Urban coyotes may be many things, — fuzzy, wily, sinewy, menacing, disdainful of golden retrievers, purloiners of newborn infant sons — but you might not have known that they're also living, loping, and prowling Valentines. That's because urban coyotes are, without exception, entirely, 100 percent, meatball-nosing, spaghetti-slurp-kissing monogamous.
According to an extensive study of urban coyotes in the greater metropolitan area of Chicago by Cecilia Hennessy, Stan Gehrt, and Jean Dubach, coyotes living in urban areas do not stray from their mates. Like, ever. Scientists from Ohio State University did not find any genetic evidence at all of polygamy among the 236 Chicago-area coyotes they studied over a six-year period, which was surprising, said study co-author Stan Gehrt, a wildlife ecologist with Ohio State's School of Environment and Natural Resources, because urban plentitude usually obviates the benefits of monogamy and causes other dog species like foxes to become polygamous. Gehrt explained that, though he'd expected to catch some coyotes cheating on their partners in highway motels, his enduring cynicism in matters of the heart finally failed him:
Even with all the opportunities for the coyotes to philander, they really don't. In contrast to studies of other presumably monogamous species that were later found to be cheating, such as arctic foxes and mountain bluebirds, we found incredible loyalty to partners in the study population.
Adorable? If you like the idea of wild coyotes sifting through your garbage and giving your overly-trusting Goldendoodle cigarettes, then, sure, it's adorable. Gerht explained that such faithful monogamy has allowed coyotes to thrive in urban areas, since the concerted effort of a pup-rearing pair of coyote parents will help ensure that more members of litter make it to adulthood. During times of abundance, — which is all the time if you're an opportunistic animal living near a huge American city — female coyotes can produce large litters. Raising all those pups alone would be almost impossible for a single coyote, but, with the help of a monogamous partner, most of those pups have a much better chance at maturing. Hence, coyotes are all over the place.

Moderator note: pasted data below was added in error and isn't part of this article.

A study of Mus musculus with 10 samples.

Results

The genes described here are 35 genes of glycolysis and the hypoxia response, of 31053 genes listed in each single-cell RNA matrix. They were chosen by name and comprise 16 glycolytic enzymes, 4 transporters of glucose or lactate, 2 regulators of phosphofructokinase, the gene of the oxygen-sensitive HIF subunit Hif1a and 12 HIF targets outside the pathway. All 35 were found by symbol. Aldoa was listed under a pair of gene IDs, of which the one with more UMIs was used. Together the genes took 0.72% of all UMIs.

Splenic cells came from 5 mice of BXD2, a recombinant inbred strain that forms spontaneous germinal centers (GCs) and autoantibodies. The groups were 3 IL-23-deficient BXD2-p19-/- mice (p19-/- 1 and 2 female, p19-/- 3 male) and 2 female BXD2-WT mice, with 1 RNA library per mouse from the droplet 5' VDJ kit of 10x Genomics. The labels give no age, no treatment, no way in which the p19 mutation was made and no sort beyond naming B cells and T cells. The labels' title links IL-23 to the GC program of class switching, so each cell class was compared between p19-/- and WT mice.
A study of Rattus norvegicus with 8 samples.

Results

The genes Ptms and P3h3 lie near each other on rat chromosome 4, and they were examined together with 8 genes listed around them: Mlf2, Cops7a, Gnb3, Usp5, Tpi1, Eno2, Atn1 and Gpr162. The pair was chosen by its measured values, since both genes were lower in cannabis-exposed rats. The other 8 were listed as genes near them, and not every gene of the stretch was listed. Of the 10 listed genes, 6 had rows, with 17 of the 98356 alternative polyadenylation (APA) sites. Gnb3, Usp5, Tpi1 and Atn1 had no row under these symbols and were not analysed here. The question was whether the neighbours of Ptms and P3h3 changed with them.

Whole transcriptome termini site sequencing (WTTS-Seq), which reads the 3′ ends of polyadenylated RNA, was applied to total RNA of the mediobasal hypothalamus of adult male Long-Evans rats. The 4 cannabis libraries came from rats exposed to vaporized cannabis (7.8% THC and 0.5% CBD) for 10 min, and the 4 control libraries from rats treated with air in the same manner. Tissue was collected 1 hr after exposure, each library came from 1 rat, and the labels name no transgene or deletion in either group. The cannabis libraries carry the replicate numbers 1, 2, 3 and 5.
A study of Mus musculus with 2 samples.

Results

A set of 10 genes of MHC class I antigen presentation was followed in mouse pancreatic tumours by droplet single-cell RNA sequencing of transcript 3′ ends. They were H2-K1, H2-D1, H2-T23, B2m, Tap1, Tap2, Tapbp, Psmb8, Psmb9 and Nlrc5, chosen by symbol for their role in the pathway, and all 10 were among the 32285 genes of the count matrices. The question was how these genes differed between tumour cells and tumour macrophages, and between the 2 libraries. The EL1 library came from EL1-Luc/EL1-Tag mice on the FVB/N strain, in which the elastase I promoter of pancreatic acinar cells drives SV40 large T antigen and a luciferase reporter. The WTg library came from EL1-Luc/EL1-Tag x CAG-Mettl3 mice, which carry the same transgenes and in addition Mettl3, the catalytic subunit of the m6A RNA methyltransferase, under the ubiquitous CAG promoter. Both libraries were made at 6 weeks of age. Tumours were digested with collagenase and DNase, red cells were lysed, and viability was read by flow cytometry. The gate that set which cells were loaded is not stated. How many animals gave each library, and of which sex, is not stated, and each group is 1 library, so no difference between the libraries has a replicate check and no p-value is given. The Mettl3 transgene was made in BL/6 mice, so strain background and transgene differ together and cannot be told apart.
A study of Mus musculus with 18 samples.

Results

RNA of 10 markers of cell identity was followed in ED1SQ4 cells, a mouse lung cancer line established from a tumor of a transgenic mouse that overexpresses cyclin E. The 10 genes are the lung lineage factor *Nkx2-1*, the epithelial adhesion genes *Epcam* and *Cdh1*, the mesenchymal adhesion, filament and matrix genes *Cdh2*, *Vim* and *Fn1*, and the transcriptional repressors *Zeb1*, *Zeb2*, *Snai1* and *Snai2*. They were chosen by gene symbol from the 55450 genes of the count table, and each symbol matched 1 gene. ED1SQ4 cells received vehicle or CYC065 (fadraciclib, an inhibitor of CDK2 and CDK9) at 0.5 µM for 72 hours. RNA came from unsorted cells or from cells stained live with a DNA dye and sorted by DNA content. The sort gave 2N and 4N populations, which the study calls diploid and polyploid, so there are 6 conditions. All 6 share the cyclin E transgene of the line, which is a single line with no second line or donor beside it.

The research was conducted in Cook, Kane, DuPage and McHenry counties in northeast Illinois, which, according to Gehrt, is home to between 1,000 and 2,000 coyotes. Since the animals are so numerous and tend to make long journeys beyond their normal stomping grounds, researchers were surprised that they didn't find even a trace of non-monogamous behavior. Coyotes stay monogamous through long-term, Lady and the Tramp pair bonding that, by definition lasts more than a single breeding cycle. Some coyote pairs can stay together for years, separating only after one of the individuals dies. Then the other one walks all the way to the North Pole, gets on a separating ice floe, and drifts out to sea to howl at the moon, remonstrating the heavens for taking away the love of its life.